NEW YORK Constellium is operating its aluminum rolling mill in Ravenswood, W.Va., at a limited rate with some 300 salaried employees after nearly 700 workers went on strike Sunday, a company spokeswoman told AMM, declining to comment on specific output volumes.
"Limited production work continues at the facility with salaried personnel," Constellium said Thursday.
After a series of failed negotiations over a new five-year labor contract, some 700 workers at the site went on strike Aug. 5 (amm.com, Aug. 6).
The situation at Ravenswood turned violent Wednesday after a brick was thrown at a truck driver leaving the facility, Paris-based Constellium said.
"(Wednesdays) action was inexcusable, and we will support the state police fully as they investigate this attack and prosecute those responsible," Kyle Lorentzen, chief executive officer, said in a statement.
The union did not respond to requests for comment.
According to Constellium, other incidents of "violence and misconduct" have occurred on the picket line this past week, including punctured tires, verbal threats and the harassment of personnel entering and leaving the plant. Constellium said it is working to control the alleged violence, but added that its attempts have been "unsuccessful."
Meanwhile, the union has its own grievances against the company, having filed on Aug. 3 unfair labor practice charges with the National Labor Relations Board (NLRB). In the filing, the United Steelworkers union alleges Constellium bargained in bad faith and encouraged workers to resign their USW membership and cross the union picket line.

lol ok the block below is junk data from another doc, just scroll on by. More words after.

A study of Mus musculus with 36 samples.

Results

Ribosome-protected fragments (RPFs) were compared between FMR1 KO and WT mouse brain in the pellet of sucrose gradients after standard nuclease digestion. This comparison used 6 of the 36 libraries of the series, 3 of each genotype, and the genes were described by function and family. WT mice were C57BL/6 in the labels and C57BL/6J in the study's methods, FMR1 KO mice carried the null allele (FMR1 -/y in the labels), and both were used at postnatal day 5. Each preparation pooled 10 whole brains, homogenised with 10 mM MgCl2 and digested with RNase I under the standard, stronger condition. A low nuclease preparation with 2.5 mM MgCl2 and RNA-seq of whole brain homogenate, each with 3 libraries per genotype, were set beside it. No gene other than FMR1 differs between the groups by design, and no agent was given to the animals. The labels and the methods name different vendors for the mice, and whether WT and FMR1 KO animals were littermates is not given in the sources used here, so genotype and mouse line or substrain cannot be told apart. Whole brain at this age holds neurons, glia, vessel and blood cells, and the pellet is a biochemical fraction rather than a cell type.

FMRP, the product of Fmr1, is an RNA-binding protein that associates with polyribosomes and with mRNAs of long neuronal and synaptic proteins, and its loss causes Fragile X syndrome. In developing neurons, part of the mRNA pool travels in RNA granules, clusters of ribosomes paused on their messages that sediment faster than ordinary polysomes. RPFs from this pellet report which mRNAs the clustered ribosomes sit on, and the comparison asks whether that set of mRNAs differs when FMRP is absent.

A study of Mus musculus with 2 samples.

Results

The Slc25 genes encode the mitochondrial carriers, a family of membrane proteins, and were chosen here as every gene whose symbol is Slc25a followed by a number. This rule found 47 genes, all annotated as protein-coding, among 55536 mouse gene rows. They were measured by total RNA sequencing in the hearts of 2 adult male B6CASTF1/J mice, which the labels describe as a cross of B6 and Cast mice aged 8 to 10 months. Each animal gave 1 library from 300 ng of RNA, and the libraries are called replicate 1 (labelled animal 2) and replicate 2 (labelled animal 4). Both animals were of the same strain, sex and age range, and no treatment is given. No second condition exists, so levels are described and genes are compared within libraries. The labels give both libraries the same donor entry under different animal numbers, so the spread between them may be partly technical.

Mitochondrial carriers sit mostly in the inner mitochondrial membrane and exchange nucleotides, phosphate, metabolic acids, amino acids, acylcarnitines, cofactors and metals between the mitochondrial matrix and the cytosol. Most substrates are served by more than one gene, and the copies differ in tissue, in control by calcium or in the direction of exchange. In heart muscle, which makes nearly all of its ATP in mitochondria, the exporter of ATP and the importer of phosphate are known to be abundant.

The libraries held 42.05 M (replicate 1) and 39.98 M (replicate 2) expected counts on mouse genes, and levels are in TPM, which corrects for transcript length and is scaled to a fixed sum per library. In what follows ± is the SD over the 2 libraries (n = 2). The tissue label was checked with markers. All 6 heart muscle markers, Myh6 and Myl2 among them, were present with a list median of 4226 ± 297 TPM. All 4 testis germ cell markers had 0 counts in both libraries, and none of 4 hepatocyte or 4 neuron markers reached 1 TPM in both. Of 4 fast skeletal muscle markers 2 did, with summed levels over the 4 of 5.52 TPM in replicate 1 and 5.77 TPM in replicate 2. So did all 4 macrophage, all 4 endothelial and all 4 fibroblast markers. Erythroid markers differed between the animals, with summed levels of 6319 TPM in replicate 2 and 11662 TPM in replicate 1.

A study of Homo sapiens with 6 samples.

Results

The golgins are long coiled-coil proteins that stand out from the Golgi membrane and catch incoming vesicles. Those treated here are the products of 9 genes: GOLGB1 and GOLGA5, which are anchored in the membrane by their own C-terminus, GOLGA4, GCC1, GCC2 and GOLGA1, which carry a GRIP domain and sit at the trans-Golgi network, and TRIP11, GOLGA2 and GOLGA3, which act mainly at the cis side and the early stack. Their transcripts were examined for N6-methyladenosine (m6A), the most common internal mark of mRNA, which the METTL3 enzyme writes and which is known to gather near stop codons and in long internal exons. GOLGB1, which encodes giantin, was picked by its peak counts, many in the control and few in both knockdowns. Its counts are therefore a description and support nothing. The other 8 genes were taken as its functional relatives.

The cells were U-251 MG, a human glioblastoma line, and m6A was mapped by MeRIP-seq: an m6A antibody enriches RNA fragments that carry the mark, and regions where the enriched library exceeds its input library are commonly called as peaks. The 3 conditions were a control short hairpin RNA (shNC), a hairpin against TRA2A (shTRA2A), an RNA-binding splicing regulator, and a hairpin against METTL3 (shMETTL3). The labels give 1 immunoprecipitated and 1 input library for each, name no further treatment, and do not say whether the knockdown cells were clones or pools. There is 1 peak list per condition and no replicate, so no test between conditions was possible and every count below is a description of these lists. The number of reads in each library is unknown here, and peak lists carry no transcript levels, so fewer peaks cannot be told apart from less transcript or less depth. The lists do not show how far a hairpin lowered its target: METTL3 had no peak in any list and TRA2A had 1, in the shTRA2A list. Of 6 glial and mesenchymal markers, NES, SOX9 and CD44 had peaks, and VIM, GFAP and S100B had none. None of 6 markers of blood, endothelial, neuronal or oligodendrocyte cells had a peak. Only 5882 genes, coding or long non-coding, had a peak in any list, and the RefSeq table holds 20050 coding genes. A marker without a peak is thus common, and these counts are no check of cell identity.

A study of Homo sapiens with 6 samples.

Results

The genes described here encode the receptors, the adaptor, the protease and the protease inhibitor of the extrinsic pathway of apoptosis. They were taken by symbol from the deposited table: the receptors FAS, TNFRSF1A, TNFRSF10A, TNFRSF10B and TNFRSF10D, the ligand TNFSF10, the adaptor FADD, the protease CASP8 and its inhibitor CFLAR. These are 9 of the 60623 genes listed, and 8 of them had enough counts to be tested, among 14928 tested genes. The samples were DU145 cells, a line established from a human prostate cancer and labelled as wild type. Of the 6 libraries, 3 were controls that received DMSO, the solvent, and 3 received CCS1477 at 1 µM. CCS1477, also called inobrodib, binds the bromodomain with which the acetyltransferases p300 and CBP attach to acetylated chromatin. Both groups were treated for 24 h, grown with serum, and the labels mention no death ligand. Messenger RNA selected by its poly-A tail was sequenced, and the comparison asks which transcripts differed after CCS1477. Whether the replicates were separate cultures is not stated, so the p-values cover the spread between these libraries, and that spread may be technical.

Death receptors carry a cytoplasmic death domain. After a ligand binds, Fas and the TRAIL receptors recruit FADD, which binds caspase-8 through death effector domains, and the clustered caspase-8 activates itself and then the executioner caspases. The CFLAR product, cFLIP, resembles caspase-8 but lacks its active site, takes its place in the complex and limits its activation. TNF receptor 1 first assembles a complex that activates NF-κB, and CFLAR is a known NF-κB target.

Constellium and members of the USW Local 5668 began discussions in May to renew a five-year contract that was initially set to expire on July 15 (amm.com, July 16). Most of the disagreement between the two sides has centered around the issue of health-care benefits, parties said.
Constellium wants to reduce its health-care costs at Ravenswood, which it estimates are about two-and-a-half times that of the national average. The union has rejected the companys offers.
"The unions rhetoric that we are taking away health care is just wrong," Lorentzen said. "This is a very generous offer for what are already some of the highest paying manufacturing jobs in Jackson County, and yet the unions negotiating committee is denying the membership a chance to vote on the offer."
"All we ask for is the ability to take care of our families," USW Local 5668 President Jason Miller said in a separate statement. "This community needs good jobs with decent benefits, and thats what were fighting for."